GDP revised lower in Q2 while durable goods tumble

The data this morning was weak, on balance. GDP growth was revised down to 1.3% in Q2 from 1.7% while durable goods orders tumbled 13.2%. In addition, pending home sales declined 2.4% MoM in August. Providing some positive offset, jobless claims were better than expected and the preliminary benchmark payroll revision revealed an additional 386,000 jobs.

Initial claims for unemployment insurance fell a greater-than-expected 26,000 to 359,000 in the week ending September 22. The four-week average declined for the first time in six weeks to 374,000. More sustained declines would need to be seen to suggest improvement. The four-week average points to continued modest employment gains trending near 125,000.

BLS announced a preliminary upward revision of 386,000 to the level of establishment employment in March 2012 (non-farm payrolls). Such an upward revision (0.3% in level) is not surprising in recoveries.

 Q2 GDP revision:

Q2 GDP was revised down to 1.3% from 1.7% owing to small tweaks in consumer spending, residential investment, structures
investment, inventories and trade. This left real domestic demand to slip to 1.4% from 1.6%. In the prior three quarters, final sales averaged just above 2.0%, highlighting the slowdown in underlying momentum.

Headline durable goods

Total durable goods orders plunged 13.2% in August, significantly below expectations of a 5.0% drop. The sharp decline was due to aircraft orders, which fell 102%, more than reversing the 51% gain the prior month. Elsewhere, defense spending fell 40%, also showing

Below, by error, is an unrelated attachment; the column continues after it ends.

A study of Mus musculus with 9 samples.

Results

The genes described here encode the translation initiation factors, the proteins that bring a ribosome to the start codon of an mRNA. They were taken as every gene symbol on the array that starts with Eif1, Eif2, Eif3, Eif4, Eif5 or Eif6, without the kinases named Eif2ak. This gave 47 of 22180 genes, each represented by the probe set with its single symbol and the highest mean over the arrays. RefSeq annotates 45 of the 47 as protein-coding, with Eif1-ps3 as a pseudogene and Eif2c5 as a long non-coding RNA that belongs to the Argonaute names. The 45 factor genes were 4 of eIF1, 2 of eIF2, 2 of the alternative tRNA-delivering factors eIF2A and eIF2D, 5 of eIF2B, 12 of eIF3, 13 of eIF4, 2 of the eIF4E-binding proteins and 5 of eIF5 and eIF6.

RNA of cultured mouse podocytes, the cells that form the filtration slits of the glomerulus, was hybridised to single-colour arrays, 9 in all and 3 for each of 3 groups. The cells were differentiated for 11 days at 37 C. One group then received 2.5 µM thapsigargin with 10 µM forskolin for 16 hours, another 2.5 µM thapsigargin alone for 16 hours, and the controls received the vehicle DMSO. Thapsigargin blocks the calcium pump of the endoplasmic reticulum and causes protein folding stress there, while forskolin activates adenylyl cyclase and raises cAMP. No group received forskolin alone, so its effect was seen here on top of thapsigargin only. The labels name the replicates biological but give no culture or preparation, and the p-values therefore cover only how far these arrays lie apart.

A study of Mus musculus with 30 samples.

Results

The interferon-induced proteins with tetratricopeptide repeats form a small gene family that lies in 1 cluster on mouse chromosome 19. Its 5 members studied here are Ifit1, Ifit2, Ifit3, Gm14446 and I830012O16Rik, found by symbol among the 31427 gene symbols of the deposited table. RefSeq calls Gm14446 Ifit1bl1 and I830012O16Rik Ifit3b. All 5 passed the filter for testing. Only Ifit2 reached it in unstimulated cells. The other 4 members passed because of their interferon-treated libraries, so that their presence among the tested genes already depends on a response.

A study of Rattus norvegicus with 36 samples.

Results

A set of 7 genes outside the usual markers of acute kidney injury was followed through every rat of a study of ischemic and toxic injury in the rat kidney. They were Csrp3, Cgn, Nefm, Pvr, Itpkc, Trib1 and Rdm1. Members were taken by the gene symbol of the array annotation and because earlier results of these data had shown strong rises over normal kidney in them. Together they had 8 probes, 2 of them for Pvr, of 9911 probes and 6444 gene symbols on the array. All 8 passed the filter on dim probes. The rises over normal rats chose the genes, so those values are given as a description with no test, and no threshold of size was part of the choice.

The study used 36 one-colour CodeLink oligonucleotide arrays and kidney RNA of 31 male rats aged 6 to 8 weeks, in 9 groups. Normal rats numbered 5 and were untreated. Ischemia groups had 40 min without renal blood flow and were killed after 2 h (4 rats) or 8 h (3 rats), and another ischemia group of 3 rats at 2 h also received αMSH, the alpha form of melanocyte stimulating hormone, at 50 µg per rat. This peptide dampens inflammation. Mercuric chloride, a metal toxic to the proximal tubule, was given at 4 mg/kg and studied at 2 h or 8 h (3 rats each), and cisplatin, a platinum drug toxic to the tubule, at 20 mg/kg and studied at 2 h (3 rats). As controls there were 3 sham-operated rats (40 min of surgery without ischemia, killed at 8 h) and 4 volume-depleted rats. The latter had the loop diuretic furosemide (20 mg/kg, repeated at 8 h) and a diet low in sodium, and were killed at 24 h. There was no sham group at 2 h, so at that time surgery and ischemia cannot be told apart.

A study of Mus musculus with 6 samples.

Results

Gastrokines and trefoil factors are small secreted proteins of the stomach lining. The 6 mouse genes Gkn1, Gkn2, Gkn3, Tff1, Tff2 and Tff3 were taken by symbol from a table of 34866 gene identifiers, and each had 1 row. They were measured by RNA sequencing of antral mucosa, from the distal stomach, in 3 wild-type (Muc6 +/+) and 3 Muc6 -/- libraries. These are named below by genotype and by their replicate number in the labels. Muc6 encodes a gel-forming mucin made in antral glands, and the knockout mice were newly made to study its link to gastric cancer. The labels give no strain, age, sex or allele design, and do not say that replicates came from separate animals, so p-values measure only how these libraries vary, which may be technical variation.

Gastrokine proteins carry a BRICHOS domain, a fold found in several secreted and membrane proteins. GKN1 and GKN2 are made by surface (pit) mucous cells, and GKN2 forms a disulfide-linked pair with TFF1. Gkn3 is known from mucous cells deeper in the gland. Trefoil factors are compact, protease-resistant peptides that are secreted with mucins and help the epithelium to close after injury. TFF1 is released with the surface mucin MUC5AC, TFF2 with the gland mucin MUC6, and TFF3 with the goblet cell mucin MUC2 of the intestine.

weakness in a volatile fashion.

Morgan Stanley research notes that capital equipment and other durable goods demand continues to see a pronounced negative impact from fiscal cliff uncertainty, inflecting lower last summer after the debt ceiling fight and seeing accelerating weakness this year. Overall durable goods orders collapsed 13.2% in August, a pace of decline only exceeded twice in the 22 years of data, in January 2009 and June 2000 (when the1990’s tech bubble popped).

The majority of this weakness reflected a plunge in civilian aircraft orders, which were actually negative as cancellations exceeded new orders. Ex aircraft orders fell 5.1%, with most major categories declining. Nondefense capital goods ex aircraft orders did rebound 1.1%, but this followed a downwardly revised 7.8% decline the prior two months, and the trend for capital equipment demand moving towards year end still looks dismal. Capital goods shipments fell in August, pointing to a decline in business investment in Q3. Durable goods inventories jumped more, some analysts increased their Q3 forecasts. More than half of the expected growth in Q3 now comes from inventories, and risks of an inventory correction in Q4 are growing.

To answer the obvious quandary of how the job numbers were so good, yet the durable goods numbers were so poor, the answer might be that the Durable goods inventories jumped, which should boost GDP in Q3. However, the question still remains as to why the divergence is so high.